Mattole 95
 
H off to London, England, and me sick in Sacramento,
snorting and wheezing in a fog of symptomatic drugs. Too
tired from the Canada trip to pack on Thursday night, so
instead equivocated until 10 pm on Friday before assembling
the bare bones of equipment for a trip northwards in search of
legendary steelhead. The weather forecast called for rain,
locally heavy, the same as it's been for the last two months.
I'm regretting writing to everyone that California has no
weather, after this surfeit.

Set off into rain and strong winds at 8:30 am, with the cold
still banging around in my skull. I-5 to Rte 20, across the
valley and into the mountains, past Clear Lake and onto 101
northwards. Hilly, road sometimes highway, sometimes two
narrow lanes plunging and swerving through redwoods. The
Eel river was high, cafe au lait, logs rolling down a broad
waterway between the trees. I passed a solo kayaker setting up
above a gorge. Tempted to stop and ask him if he wanted
company, but thought that I probably couldn't cope with the
kind of water he'd be going into. Rain. More rain.

Stopped in Garville to get gas and a can opener. Found
Steelhead Ale in the grocery store, bought some as
consolation for the expected dearth of the real thing. Left the
highway for a single lane tar road strewn with branches and
flood debris, into Honeydew, on the Mattole river. After a
while the road turned to dirt and twisted down a first-gear
hill. Took over an hour for the 25 miles into Honeydew. A
surprisingly open valley, steep but not forested, through
which another swollen muddy river tumbled. Wide sweeps of
view across expanses of troubled water. Driving through all
these changes in elevation had given me considerable pain,
sinuses fully congested and pressure in the ears. Stopped at
the AW Way campground where green lawns lay in a bend of
the river. The river quite unfishable, no visibility at all. A
bagel for lunch, with some of the famous ale, disconsolately.

The sheep did not look up as I drove past on the lighthouse
road, heading for a walk on the beach at the river mouth.
Empty campsite at the road's end, and a clumsy but touching
painting showing that the beach had been adopted by the
Mattole primary school pupils of 1993. Steelhead were shown
ascending the river. Doubtless they were. The coast reminded
me of the Transkei, high green bluffs looming over a strip of
beach. Fierce weather, huge waves with long streamers of
spray torn from them by a wind that knocked me down a
couple of times. Toiled up against the wind for half an hour,
passing several waterfalls that ran down into the sand and
vanished. A dangerous-looking beach, big shore break with
strong rips running out through the black rocks. One solitary
rock at the water's edge looked like a primitive sculpture of a
bear watching alertly for salmon. Blown back to the river
mouth. The river bent at a sandbar before flooding brown into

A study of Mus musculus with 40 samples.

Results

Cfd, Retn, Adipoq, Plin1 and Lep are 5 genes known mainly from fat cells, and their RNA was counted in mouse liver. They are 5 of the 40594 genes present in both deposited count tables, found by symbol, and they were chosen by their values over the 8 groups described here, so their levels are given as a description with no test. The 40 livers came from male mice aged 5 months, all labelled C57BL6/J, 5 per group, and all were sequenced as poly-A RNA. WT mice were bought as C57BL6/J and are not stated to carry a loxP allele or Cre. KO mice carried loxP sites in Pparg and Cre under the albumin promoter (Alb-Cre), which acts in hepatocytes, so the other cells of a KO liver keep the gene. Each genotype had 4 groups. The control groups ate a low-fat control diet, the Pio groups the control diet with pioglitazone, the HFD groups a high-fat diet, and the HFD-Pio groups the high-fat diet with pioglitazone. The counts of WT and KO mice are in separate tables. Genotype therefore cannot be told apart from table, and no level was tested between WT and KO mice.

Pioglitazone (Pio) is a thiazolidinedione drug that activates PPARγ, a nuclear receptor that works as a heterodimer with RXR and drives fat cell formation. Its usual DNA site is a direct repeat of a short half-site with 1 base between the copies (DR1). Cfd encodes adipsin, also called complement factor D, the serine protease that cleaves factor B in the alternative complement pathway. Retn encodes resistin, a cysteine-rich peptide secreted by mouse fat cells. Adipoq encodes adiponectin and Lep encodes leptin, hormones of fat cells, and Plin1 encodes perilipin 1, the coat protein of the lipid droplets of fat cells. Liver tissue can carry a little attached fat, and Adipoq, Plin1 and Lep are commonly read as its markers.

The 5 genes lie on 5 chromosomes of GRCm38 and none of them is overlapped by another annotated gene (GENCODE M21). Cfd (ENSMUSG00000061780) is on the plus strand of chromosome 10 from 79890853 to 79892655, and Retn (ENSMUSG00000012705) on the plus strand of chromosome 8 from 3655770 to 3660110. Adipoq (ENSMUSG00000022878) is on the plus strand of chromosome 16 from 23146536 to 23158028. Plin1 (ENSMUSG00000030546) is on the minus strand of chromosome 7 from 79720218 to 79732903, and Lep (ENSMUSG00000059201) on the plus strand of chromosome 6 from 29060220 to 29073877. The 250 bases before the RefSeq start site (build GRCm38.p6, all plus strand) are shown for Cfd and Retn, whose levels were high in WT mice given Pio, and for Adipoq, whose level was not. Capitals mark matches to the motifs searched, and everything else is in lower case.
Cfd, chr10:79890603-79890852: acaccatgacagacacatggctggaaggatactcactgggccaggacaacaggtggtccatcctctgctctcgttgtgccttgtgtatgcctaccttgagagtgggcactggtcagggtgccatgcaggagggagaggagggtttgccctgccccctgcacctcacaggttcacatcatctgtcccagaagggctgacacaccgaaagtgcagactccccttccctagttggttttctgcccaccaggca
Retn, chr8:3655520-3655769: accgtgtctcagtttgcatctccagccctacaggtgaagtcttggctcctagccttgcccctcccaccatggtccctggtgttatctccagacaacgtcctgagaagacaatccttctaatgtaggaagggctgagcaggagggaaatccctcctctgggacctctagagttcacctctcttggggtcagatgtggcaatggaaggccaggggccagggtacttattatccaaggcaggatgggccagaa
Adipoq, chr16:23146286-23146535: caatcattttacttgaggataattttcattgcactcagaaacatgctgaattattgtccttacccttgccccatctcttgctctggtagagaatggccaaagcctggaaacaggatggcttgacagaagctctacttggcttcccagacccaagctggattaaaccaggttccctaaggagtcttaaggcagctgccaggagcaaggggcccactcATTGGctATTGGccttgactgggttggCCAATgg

the grey ocean. Currents and wind opposed in the eddies
created an agitated mass of small waves that slapped and
clattered together as a sort of timpani behind the wind's long
howl. Out in the strongest flows, two seals rolled and played.
Probably eating steelhead.

Dusk back at the campground. Tinned dinner with more beer
for the fire that was in my head. Slowly set up fishing gear for
the morning, to observe the proprieties and make at least one
cast in this supposed fishing trip. Static-laden public radio
station was playing live music from West Virginia. Tried to
sleep, but the van was shuddering in the wind, and I was
concerned for the canoes. At some dark hour of the night,
moved the van back towards the hills and into the trees in a
search for shelter. This reduced the shuddering, but added the
erratic clanging and thumping of falling branches pelting the
van. Took some flu drugs to reduce myself to boneless
passivity, which was achieved.

In the morning, two big trees were down, one on each side of
the van. Lucky me. The saplings were mostly at a drunken 45
degree angle. Went down to the water, made two casts and
then became entangled in the root system of a passing tree. I
could imagine catfish in this water, but failed absolutely to
conceive of steelhead.

Back up the Mattole road, through Honeydew and into the
mountains. At one spot, the single lane of tar changed to a
three-quarter lane of dirt, a kind of shelf in a mudslide that
ended far below in a stream. Looked at this and wondered if
the van was three-quarter width. Luckily it was. Arrived at
the Albee campground, where my trail guide assured me there
was a trail to big redwoods. Parked in the ferns at the closed
gate, and walked up to the deserted campsites. A red-tailed
hawk stooped at a covey of quail, which scattered a moment
early because of my approach. The hawk glared at me, then
rose again. I found a trail heading up the hill and decided that
must be the one. Climbed for an hour without seeing a
redwood, a view, or any sign of life. Meantime the rain
rained, and I sweated inside raingear. Back down the hill,
cold with cooling sweat. Lunched in the van amidst the ferns
and redwoods. One mile down the road from where I decided
I'd gone too far past the campground and turned back, the
real trail was revealed. How annoying.

Back on 101, the rain remained locally heavy for 100 miles.
On rte 20 past Clear Lake, the bridges were under water, two
feet of water piled up on the upstream sides. Got out the
lifejackets and went on. Turned on the radio and found that
rte 20 was closed. How interesting. A police escort took
several of us through the water, past the mudslides, and back
into the central valley, where a lake of water was being driven
over the road by the wind. I-5 was mostly clear after that.
Home in good time to start the laundry.